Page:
Jordan Craft is a freethinker, interested in leadership, who co-hosts a podcast.


One of the most profoundly prevalent issues our society is facing right now is that people are failing to stay as neutral as possible before determining decisions or conclusions. Throughout the past two years, I have read many pieces of literature on the dangers of dichotomous thinking, otherwise known as black and white thinking, and how to train yourself to stay in the grey area before solidifying a final stance on an argument. This practice is extremely difficult, but one that I believe is entirely necessary for all individuals in our society to, at the very least, be aware of in order to improve the current state of politics, social unrest, and the economy as a whole going forward. I see a lack of independent thinking and critical thinking skills amongst many individuals, and it's been verifiably replaced by an increase in mob-mentality, pop-culture norms, and cancel culture. I find these concepts extremely dangerous because they are more often than not threats to the two ideals I hold most dear: freedom and truth.

Emphasizing Logical Reasoning & Preserving Truth

Because of the COVID-19 pandemic and a seemingly-eternal lockdown state, I have noticed a dramatic increase in the number of people who are more invested in politics now. I'm happy about that. In a way, I think it's a luxury not having to worry about politics or economics whatsoever. But, in this day and age, I want to be surrounded by people who DO understand more about what's going on. Even if that means I may disagree with some. For example, many hyper-privileged Americans who haven't been exposed to others who live differently, or any conflicting realities for that matter, may not understand certain things about the nature of first-world modern problems. Granted, that's just an example; peoples' experiences are subjective to them. The many technological advancements that we have now are offering much more expository interfaces for users on social media, people represented in film and television, and communication with each other 24/7.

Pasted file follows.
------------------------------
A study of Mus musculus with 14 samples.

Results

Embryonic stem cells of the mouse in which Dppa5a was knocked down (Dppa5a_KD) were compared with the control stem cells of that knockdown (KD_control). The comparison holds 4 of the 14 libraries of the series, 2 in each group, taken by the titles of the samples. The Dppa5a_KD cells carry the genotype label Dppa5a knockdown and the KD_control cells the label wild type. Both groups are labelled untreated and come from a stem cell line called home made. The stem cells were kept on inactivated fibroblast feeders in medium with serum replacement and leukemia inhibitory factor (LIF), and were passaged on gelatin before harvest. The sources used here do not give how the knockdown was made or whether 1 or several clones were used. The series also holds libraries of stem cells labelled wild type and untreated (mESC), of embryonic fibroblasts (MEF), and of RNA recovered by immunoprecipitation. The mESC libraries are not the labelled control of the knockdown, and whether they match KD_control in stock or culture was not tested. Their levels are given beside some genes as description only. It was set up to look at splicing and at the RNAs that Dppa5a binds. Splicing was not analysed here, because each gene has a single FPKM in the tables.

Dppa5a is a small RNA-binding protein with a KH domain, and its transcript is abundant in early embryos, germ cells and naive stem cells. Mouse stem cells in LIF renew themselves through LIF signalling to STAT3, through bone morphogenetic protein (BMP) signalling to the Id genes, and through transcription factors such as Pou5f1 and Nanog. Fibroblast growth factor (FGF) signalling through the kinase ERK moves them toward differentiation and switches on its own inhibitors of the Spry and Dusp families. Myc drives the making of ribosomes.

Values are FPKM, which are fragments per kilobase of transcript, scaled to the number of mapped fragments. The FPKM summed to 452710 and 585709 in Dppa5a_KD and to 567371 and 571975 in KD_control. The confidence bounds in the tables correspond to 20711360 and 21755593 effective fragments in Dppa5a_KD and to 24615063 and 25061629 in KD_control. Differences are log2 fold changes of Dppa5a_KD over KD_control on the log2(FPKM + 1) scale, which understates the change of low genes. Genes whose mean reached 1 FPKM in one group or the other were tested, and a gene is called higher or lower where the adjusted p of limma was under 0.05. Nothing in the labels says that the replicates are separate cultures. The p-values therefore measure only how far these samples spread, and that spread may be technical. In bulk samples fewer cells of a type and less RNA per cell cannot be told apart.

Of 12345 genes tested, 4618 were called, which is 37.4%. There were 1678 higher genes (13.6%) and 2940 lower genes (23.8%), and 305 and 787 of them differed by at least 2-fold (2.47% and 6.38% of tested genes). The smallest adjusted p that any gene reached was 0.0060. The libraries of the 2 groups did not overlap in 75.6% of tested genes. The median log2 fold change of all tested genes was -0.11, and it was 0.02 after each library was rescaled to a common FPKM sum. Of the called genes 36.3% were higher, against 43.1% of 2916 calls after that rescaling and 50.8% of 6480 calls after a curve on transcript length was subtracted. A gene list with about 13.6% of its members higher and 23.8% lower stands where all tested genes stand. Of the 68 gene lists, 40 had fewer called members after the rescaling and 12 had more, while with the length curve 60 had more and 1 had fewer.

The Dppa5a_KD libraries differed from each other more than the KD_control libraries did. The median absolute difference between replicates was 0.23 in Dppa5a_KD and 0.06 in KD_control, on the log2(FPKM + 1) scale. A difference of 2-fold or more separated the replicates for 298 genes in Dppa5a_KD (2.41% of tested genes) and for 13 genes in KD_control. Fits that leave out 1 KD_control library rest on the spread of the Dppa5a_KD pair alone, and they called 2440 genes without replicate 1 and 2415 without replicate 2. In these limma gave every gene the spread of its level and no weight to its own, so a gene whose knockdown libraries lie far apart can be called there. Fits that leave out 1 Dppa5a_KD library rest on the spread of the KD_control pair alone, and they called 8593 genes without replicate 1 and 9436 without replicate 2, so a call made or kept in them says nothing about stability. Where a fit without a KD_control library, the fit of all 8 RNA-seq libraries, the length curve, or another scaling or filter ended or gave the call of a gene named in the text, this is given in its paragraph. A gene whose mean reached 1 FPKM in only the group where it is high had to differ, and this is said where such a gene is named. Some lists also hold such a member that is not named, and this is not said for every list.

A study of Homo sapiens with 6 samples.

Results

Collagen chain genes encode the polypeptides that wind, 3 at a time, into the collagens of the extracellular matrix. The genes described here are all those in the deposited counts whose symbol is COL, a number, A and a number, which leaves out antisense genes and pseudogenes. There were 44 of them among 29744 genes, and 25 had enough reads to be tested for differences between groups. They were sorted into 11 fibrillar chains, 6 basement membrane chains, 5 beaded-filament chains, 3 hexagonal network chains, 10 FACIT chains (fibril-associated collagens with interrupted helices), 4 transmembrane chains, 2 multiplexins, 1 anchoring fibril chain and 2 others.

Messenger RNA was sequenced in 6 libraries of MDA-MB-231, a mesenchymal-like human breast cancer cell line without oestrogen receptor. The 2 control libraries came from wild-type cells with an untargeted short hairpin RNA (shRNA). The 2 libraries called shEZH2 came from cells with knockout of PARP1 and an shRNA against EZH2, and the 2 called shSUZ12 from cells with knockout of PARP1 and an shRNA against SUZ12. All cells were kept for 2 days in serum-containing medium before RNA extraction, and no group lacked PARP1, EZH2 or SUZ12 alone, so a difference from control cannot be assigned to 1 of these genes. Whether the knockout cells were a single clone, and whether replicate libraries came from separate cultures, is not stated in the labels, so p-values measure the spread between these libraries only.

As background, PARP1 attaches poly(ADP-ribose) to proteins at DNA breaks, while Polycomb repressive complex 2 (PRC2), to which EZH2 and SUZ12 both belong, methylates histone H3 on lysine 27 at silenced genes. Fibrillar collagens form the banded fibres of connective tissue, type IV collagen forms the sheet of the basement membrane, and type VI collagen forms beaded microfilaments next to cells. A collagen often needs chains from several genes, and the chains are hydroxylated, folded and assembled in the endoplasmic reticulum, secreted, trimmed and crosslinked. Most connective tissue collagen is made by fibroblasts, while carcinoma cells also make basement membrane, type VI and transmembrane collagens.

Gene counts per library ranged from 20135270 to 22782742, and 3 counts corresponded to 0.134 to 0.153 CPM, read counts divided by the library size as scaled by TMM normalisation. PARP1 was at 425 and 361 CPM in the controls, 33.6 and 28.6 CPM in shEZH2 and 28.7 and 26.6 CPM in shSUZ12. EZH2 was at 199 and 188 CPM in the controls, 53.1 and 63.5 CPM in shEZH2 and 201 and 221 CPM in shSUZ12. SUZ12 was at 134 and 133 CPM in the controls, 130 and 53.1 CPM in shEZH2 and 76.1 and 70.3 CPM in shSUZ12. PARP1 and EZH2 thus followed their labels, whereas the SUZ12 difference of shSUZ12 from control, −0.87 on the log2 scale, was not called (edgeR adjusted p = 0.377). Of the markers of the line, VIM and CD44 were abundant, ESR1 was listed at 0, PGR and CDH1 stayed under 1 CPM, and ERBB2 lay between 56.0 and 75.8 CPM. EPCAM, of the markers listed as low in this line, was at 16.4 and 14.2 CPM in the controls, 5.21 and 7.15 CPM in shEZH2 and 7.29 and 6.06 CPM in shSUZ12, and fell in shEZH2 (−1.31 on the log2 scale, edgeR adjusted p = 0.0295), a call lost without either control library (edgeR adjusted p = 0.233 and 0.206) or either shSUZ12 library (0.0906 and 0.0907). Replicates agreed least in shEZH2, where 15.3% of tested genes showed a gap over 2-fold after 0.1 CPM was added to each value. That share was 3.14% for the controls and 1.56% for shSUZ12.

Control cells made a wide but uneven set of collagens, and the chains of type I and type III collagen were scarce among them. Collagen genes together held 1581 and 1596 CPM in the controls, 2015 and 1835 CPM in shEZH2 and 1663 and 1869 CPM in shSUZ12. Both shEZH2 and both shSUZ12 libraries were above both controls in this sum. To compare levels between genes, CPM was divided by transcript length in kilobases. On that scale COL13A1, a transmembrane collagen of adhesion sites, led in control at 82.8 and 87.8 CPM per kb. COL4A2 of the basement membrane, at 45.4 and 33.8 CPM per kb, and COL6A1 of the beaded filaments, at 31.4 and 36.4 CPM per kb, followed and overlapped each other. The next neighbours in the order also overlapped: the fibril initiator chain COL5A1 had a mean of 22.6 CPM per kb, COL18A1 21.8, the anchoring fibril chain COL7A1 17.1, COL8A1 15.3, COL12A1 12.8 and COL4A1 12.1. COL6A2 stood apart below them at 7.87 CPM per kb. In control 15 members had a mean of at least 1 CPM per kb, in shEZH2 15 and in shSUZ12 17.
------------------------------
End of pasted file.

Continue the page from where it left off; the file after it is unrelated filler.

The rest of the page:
Am I A Leader?

I do consider myself to be a leader. I hear people out, am an active listener, an effective communicator, can think across the past, present, and future, and absolutely love helping others. In addition, I do like to get stuff done for myself every now and then too.

The journal entry prompt that gave rise to this article was an incredible leadership thought exercise as a self-diagnosed leader. And I say that as humbly as possible. If I want to continue being an educator, however I can, it's essential to recognize what shadow I'd most likely cast. It sounds like it'd be a scary realization; however, it's actually more of a positive because then I can check myself when needed.

So, if a potential weakness of mine is allowing myself to be biased, when instead it's actually better to stay neutral before officiating a stance, then a way I can cast light is by making it a habit to avoid dichotomous thinking altogether. For reference, I will practice perspective-taking, which is adopting the ability to always consider other peoples' point of view, furthering the wants and needs of people I interact with, and practicing ethical leadership. I would recommend others consider taking the same steps as well.

Putting Principles into Practice

To answer the question, "Can you think of another leader who shared(s) your same weakness for this particular shadow?", I would suggest that most of our current political figures do. I don't want to single anyone out because it would make this argument much more complicated and overly-detailed. So, I will say that I wish a larger majority of the people in power could practice this same set of principles. Maybe if it had been a more common practice before now, this country's polarization wouldn't be so overwhelming.

Moreover, exemplifying one politician, in particular, would go against the entire theme of this journal entry. Many people wouldn't hesitate to suggest any U.S. political figure, so long as they're on the opposite side of whatever their preferred "side" is, but that inclination in itself goes against what I'm trying to explain here. We've got a long way to go, and I will be watching intently for however long it takes, but I believe proper leadership is worth it. Learning about these necessary facets of ethical leadership is worth it. Undoubtedly.